President Donald Trump's nominee to the Eighth Circuit downplayed past comments on immigration and his limited trial experience while testifying before the Senate Judiciary Committee on Wednesday.

WASHINGTON (CN) - President Donald Trump's nominee to the Eighth Circuit downplayed past comments on immigration and his limited trial experience while testifying before the Senate Judiciary Committee on Wednesday.

Jonathan Kobes, who currently serves as general counsel to Sen. Mike Rounds, R-S.D., spent two years as a federal prosecutor in South Dakota before joining the Sioux Falls firm Murphy Goldammer & Prendergast in 2005. Kobes said he left his job as a prosecutor because the U.S. attorney at the time resigned and asked Kobes to come with him to private practice.

Kobes told Sen. Richard Blumenthal, D-Conn., he has worked on a total of six trials as an attorney, including four as a federal prosecutor.

But the nominee said his relatively limited experience in the courtroom does not mean his is unprepared for a job as a federal appellate judge. He told senators on Wednesday his chance to work in all three branches of government, as well as in private practice and as in-house counsel, has given him a unique perspective.

"Senator, I've been practicing law for approximately 18 years now, and I've been asking myself over the course of this process, would I be better qualified had I stayed in private practice, for example, for 18 years, or had I stayed at the U.S. Attorney's Office for 18 years?" Kobes told Sen. Thom Tillis, R-N.C Wednesday. "And I think obviously I would have tried more cases, I would have handled more depositions, but I also would have missed out on a lot of what my career has afforded me."

When pressed about his judicial philosophy by Sen. Mike Lee, R-Utah, Kobes said he would look to the text "first and foremost" when evaluating a federal statute, saying it can be difficult to determine exactly what Congress as a whole intended to do when it passed a law.

In addition to questions about his experience, Kobes faced scrutiny over comments he made to a Dutch journalist in 2017 about immigration in which he said Republicans sometimes oppose immigration "because it waters down the culture."

Kobes also described demographic changes in Sioux Center, Iowa and said there are "social issues" associated with these changes. He allowed that some of the opposition to immigration is "unfair" and based on "fear," but said some criticisms are "legitimate."

Kobes explained he offered the comments as an explanation of the political climate surrounding the immigration debate in the United States and that they do not reflect his personal views on immigration.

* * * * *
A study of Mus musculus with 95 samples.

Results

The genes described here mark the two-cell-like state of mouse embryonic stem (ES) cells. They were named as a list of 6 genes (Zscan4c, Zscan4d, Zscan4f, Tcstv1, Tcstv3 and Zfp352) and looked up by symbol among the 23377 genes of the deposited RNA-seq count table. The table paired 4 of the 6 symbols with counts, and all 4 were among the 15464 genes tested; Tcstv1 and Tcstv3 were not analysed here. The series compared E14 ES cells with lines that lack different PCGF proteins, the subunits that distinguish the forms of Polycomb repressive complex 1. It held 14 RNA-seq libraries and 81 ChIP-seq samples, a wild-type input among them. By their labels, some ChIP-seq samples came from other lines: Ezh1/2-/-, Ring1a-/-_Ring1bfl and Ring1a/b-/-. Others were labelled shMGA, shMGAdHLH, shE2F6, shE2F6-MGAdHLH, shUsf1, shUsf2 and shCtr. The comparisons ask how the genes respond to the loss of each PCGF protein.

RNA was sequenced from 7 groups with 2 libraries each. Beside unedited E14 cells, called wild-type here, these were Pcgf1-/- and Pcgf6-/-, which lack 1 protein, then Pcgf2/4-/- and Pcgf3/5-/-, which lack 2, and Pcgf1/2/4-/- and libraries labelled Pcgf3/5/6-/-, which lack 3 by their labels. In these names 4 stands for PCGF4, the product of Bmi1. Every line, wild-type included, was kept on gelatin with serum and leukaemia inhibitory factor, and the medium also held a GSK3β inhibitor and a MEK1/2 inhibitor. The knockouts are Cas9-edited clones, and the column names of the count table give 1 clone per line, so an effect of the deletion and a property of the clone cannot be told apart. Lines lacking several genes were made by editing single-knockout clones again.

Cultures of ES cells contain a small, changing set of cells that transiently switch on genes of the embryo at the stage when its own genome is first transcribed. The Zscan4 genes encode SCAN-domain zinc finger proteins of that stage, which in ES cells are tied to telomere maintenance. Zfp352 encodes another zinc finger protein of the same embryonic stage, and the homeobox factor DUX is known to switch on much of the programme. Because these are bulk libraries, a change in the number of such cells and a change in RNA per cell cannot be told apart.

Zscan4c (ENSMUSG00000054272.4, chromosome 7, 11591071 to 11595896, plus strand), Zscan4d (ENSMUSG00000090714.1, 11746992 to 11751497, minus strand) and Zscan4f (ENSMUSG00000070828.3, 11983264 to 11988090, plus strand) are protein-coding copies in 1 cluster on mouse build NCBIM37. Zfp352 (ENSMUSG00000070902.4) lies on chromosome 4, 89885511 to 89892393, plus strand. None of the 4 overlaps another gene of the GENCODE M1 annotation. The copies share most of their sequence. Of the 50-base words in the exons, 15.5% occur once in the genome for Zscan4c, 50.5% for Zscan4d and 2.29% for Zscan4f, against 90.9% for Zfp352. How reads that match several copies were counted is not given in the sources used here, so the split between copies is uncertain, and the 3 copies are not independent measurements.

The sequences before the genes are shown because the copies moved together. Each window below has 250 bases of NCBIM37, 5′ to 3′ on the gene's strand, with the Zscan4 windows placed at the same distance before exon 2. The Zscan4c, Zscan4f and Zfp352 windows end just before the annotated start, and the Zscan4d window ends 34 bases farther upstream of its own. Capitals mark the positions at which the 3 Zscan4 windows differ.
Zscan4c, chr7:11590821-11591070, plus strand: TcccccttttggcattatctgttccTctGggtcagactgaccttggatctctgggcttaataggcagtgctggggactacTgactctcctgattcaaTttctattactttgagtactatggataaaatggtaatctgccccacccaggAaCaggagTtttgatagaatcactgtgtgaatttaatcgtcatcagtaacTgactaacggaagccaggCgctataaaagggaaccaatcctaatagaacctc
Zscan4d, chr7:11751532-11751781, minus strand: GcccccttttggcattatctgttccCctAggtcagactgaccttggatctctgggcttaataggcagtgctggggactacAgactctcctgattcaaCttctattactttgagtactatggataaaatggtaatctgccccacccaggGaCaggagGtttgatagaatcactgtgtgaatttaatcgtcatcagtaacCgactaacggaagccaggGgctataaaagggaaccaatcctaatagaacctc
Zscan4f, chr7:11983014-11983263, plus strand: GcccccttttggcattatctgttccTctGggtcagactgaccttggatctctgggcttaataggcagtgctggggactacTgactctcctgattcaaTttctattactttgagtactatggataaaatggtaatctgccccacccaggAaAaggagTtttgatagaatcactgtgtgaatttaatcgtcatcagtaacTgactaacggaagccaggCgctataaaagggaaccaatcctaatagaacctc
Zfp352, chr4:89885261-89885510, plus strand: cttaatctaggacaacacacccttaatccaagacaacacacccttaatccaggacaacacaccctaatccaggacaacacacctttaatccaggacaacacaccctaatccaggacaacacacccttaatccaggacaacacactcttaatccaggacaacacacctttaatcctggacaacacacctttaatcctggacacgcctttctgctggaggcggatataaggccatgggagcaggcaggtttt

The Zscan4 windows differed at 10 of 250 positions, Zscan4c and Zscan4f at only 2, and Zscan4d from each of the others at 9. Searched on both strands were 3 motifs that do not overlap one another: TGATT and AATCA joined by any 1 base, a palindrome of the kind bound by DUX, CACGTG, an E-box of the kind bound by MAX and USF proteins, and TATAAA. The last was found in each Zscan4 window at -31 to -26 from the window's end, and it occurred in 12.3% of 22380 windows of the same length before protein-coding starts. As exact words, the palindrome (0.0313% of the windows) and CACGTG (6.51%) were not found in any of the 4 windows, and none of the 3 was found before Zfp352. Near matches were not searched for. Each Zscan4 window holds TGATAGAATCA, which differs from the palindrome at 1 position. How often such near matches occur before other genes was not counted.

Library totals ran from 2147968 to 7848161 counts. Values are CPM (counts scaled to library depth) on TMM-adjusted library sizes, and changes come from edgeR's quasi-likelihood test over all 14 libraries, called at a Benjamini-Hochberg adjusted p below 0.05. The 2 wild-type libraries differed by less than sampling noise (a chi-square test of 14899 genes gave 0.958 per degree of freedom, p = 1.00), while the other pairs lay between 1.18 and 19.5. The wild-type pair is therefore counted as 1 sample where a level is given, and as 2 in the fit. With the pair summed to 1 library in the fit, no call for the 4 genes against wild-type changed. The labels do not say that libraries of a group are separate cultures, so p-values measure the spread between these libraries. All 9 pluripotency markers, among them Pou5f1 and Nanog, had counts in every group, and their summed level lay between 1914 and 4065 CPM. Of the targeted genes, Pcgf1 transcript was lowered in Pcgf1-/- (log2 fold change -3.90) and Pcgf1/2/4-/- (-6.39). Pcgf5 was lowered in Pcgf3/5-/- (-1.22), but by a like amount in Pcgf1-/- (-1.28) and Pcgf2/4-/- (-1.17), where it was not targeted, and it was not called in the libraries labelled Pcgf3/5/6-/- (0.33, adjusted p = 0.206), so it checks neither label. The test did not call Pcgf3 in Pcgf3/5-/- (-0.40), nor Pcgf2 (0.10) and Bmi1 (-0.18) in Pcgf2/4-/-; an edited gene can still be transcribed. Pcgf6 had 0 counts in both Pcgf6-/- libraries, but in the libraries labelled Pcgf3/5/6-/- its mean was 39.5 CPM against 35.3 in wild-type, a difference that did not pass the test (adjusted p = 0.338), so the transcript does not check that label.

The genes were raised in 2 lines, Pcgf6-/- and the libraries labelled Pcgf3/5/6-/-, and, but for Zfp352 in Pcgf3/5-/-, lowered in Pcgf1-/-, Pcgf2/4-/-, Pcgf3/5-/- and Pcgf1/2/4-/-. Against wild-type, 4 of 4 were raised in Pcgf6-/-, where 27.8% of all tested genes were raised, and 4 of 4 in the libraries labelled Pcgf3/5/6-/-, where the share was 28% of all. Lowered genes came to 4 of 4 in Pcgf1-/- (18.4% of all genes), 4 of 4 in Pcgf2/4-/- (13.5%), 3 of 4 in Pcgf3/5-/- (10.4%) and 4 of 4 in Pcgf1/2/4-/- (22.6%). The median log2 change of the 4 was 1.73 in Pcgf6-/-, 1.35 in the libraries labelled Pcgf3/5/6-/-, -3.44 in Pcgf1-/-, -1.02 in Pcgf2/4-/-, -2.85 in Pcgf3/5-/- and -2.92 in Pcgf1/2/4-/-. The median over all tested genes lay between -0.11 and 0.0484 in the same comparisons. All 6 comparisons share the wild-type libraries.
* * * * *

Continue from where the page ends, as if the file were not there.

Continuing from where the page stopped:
He added that after listening to the audio of his interview, he also believes the journalist misquoted him.

"I'd like to think some of that was based on the language, but quite frankly, liberties were taken with some of my comments that are hard to explain other than irresponsible journalism," Kobes said Wednesday. "Many of the direct quotes simply were not direct quotes and many of the ideas and the concepts presented were not mine."

The paper, called the Reformatorisch Dagblad, is tied to the Reformed Political Party, a conservative, religious Dutch political party whose goal is "to shape society in such a way that this reflects God's intentions with mankind," according to an English translation of its website.

He added on Wednesday that while there are "legitimate" discussions to be had about the tradeoffs of immigration, concerns about "watering down the culture" are not valid.

After leaving private practice in 2008, Kobes worked as senior regulatory counsel at agricultural company DuPont Pioneer and later as director of corporate compliance for Raven Industries. A former member of the conservative Federalist Society, Kobes also worked as an attorney for the CIA from 2002 to 2003.

Five nominees to federal district courts also appeared before the committee on Wednesday, including three to the U.S. District Court for the Northern District of Illinois.

All three of the Illinois nominees, Martha Pacold, Steven Seeger and U.S. Magistrate Judge Mary Rowland, came with the endorsements of both of Illinois' Democratic senators.

Ken Bell, who is up for a seat on the U.S. District Court for the Western District of North Carolina, faced the most questions from senators during the district court portion of the hearing, with most focusing on a pro-life op-ed he wrote in which he decried the "indefensibility of the abortion rights position."

When pressed about the piece at the hearing by Sen. Mazie Hirono, D-Hawaii, Bell said he did not mean to mock anybody by writing the editorial, adding that he could not comment on his personal opinions about abortion because he would be likely to hear a challenge touching on the issue if confirmed.

Bell also wrote an opinion piece in the Charlotte Observer in 2016 arguing then-presidential candidate Hillary Clinton should have been prosecuted for her use of a private email server while working as secretary of state.

Bell worked as a federal prosecutor in North Carolina for nearly two decades and made an unsuccessful bid for Congress in 1990. He moved to private practice in 2003 and now is a partner at the Charlotte firm McGuire Woods.

Carl Nichols, who is up for a seat on the U.S. District Court for the District of Columbia, called Supreme Court Justice Clarence Thomas one of his "close friends and mentors" at the hearing on Wednesday.

Nichols currently works as a partner at the Washington D.C. firm Wilmer Cutler Pickering Hale and Dorr, having spent 2005 to 2009 at the Justice Department.